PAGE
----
A SLOW, HANGING CURVE…. When congressional Democrats taunt their Republican colleagues about lacking ideas, substance heft, and specific policy proposals, Dems know they’ll have an advantage either way.
Either the GOP will produce nothing (in which case Republicans are the “party of no” with no new ideas), or they’ll produce an actual plan (in which case Dems can point out how deeply crazy Republican proposals really are).
Take this week, for example. President Obama unveiled the administration’s budget, and Rep. Paul Ryan (R-Wis.), the ranking member on the House Budget Committee, released a budget blueprint of his own. The Republican’s budget plan is, as we talked about the other day, more than a little radical.
First, it calls for big cuts in Social Security benefits for everyone currently under 55 years of age. On top of the cuts it also calls for privatizing Social Security.
Basically the exact plan President Bush tried in 2005. Next, it calls for the full privatization and phasing out of Medicare. It’ll be replaced by a system of vouchers in which instead of getting Medicare you get a voucher to buy un-reformed private insurance [with benefits that fail to keep up with growing health care costs].
Weirdly, with all that, the draft GOP budget doesn’t get the federal budget into surplus until 2083, which seems like a pretty long time. But isn’t this sort of a big deal? House Republicans are poised to run in 2010 on slashing or abolishing the two most popular federal government programs — Social Security and Medicare.
Josh Marshall added that he doesn’t know “why Democrats aren’t making a bigger deal out of” this.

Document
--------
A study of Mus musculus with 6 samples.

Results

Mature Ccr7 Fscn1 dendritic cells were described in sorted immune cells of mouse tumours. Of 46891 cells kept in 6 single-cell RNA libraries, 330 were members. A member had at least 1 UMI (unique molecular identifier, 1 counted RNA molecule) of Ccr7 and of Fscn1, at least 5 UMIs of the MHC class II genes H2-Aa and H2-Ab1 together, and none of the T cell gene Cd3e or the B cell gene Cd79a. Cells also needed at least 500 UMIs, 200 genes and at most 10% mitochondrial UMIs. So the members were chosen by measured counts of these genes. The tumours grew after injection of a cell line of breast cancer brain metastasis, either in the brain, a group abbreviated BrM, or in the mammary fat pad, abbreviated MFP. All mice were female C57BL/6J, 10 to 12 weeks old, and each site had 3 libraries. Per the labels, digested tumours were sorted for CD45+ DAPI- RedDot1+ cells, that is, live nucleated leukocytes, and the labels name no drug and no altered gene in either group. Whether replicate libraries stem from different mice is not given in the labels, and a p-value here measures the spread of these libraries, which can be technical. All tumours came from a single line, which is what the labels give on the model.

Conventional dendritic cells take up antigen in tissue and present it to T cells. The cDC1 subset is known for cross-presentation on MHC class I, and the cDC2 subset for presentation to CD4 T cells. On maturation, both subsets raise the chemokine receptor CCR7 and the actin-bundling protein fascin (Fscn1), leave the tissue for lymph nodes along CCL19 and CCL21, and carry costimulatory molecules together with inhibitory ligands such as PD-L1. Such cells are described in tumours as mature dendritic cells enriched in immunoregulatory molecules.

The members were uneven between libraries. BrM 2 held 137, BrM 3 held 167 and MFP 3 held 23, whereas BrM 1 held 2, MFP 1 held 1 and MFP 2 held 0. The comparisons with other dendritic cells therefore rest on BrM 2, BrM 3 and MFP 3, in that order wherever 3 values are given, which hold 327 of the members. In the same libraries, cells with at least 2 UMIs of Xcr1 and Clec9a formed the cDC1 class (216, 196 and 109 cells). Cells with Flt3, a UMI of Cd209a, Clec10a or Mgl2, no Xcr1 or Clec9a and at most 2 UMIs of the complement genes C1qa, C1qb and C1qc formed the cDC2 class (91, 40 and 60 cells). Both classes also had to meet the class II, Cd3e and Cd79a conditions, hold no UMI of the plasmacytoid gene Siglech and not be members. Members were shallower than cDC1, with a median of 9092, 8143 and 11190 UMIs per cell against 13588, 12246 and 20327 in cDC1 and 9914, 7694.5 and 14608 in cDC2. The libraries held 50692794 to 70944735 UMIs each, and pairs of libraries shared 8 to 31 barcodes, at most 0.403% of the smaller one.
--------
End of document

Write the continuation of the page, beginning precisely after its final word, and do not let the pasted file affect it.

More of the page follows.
We can probably all think of plenty of times when Dems pursued dubious election-year strategies, but this really is manna from heaven for a party that’s been on the defensive for quite a long while.
How can you tell? The House Republican leadership doesn’t know how to deal with their own budget guy’s plan.
House Republicans are at pains to point out that a far-reaching budget roadmap unveiled by their top budget guy, Rep. Paul Ryan (R-WI), isn’t their budget, but when asked today at a press conference what about Ryan’s budget he disagreed with, Minority Leader John Boehner couldn’t name anything.
“Off the top of my head, I couldn’t tell you,” Boehner said.
Despite the apparent lack of substantive disagreement, though, Boehner wants to keep the Ryan plan from sticking to the GOP.
“Paul Ryan, who’s the ranking member on our budget committee, has done an awful lot of work in putting together his roadmap,” Boehner said. “But it’s his. And I know the Democrats are trying to say that it’s the Republican leadership. But they know that’s not the case.”
This isn’t going to work. For one thing, Ryan has said the Republican leadership has been supportive of his plan. For another, Boehner can’t very well distance himself from a budget blueprint and then say he can’t think of any parts he disagrees with.
But perhaps most importantly, Boehner and the GOP leadership made Paul Ryan their go-to guy on the budget. Unless they plan to replace Ryan as the ranking member on the Budget Committee, it’s a little late to throw him under the bus.
As for Dems taking a swing at this slow, hanging curve, I received a press release this morning, talking about a media call being held this afternoon by House Democratic Caucus Chair John Larson (D-Conn.), House Democratic Caucus Vice Chair Xavier Becerra (D-Calif.), and two members of the House Budget Committee, Reps. Rosa DeLauro (D-Conn.) and Allyson Schwartz (D-Pa.).
The purpose of the call was to discuss “Republican plans to privatize Social Security and dismantle Medicare.”
Expect to hear more about this. The alternative is political malpractice.